OAKLAND, Calif. (KTVU) - It's that time of the year when runny noses, coughs and sore throats are about to take over many households with young children.
So when it comes to protecting your kids from getting sick, a new study suggests reaching for the hand sanitizer may be more effective than just washing with soap and water.
Researchers in Spain studied more than 900 children at 24 day care centers.
They found kids who washed their hands with sanitizer, instead of soap and water, reduced sick days, had fewer respiratory infections and received fewer antibiotic prescriptions.
Over an eight-month period the children in the study had 5,211 respiratory infections that led to 5,186 missed days of day care.
Researchers found those who used hand sanitizer missed 3.25 percent of days of day care. That's compared to 3.9 percent of missed days among the children who washed with only soap and water. A third group, which practiced its usual hand washing methods, missed 4.2 percent of days.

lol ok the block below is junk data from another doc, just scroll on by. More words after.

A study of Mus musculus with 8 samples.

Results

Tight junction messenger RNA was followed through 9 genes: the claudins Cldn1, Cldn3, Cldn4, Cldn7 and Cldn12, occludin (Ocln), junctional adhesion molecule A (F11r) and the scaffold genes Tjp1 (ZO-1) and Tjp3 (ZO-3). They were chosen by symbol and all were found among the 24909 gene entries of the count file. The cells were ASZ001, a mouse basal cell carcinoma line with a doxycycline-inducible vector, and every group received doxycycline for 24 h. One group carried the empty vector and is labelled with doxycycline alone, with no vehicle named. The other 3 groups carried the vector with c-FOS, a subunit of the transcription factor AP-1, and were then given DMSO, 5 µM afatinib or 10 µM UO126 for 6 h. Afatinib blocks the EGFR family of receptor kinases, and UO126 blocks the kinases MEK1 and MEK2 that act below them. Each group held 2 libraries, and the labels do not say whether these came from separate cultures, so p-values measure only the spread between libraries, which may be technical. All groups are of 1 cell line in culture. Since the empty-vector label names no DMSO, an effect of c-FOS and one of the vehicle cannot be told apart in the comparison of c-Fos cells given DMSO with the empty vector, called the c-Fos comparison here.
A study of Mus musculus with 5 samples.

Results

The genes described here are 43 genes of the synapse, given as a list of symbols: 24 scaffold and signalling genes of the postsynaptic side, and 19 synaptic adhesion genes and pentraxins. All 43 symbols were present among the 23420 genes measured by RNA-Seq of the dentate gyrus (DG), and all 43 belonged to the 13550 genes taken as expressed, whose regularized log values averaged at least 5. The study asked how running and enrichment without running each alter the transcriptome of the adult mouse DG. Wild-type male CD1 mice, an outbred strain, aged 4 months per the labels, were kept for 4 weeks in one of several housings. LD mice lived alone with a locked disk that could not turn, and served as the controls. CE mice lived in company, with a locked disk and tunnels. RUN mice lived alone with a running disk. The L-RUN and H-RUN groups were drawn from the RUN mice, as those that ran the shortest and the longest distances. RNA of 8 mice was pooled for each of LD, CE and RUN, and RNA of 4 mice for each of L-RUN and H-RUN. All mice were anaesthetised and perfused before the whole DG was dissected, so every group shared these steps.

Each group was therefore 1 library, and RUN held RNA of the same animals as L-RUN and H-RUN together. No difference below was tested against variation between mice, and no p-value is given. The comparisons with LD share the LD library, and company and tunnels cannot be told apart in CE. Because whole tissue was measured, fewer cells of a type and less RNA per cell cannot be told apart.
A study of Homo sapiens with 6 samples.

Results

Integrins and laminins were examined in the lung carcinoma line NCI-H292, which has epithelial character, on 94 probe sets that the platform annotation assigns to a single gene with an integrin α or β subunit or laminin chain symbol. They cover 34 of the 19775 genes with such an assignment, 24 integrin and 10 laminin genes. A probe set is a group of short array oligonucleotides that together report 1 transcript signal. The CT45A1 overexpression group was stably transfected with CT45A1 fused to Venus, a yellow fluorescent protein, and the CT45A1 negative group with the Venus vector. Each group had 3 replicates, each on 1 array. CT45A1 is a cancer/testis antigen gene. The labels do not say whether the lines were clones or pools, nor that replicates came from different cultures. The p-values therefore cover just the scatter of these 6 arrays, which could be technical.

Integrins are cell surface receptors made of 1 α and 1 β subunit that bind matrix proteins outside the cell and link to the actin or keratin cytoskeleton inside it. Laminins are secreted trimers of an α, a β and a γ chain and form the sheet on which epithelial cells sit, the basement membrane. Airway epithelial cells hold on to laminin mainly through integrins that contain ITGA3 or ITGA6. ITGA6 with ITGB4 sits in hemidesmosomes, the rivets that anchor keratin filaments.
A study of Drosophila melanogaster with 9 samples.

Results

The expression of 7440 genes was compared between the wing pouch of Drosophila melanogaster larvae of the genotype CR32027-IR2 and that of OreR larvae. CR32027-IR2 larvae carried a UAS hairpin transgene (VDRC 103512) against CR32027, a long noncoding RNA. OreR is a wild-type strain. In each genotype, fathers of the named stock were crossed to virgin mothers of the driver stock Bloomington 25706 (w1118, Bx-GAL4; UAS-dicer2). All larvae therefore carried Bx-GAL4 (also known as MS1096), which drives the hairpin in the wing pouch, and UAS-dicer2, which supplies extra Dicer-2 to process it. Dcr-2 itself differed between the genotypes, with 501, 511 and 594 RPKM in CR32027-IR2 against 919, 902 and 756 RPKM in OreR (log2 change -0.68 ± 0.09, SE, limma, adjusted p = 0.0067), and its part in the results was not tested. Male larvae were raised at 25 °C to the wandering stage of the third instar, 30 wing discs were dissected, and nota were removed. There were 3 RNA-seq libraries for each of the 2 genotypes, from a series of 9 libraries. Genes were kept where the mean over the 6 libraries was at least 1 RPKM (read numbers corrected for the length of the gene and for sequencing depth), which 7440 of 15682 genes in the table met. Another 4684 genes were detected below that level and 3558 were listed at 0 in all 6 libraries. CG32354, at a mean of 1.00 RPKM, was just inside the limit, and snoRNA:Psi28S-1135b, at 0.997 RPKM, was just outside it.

The soap and water group also had a 21 percent increased risk of getting a respiratory infection and a 31 percent greater chance of being prescribed antibiotics than those who used hand sanitizer, according to researchers.
"Hand washing regardless of how you do it is always going to help prevent cold and flu," said Dr. Christina Vo of East Bay Pediatrics which has offices in Orinda and Berkeley.
Dr. Vo, who was not involved in the study, added that getting kids to use sanitizer is probably a more efficient and quicker way to get students to wash their hands in school. "Nowadays hand sanitizer is more readily available for kids in school. They're more likely to quickly use hand sanitizer than do proper hand washing," she said.
The American Academy of Pediatrics (AAP) notes that respiratory infections in children under the age of 5 are a major public health problem, citing them as "an important cause of morbidity and excessive antibiotic prescriptions in children attending day care centers."
Doctors recommend that day care centers implement hand hygiene programs that include using sanitizer as well as educating day care staff, children, and parents on proper hand hygiene practices.
The study was published in the journal Pediatrics.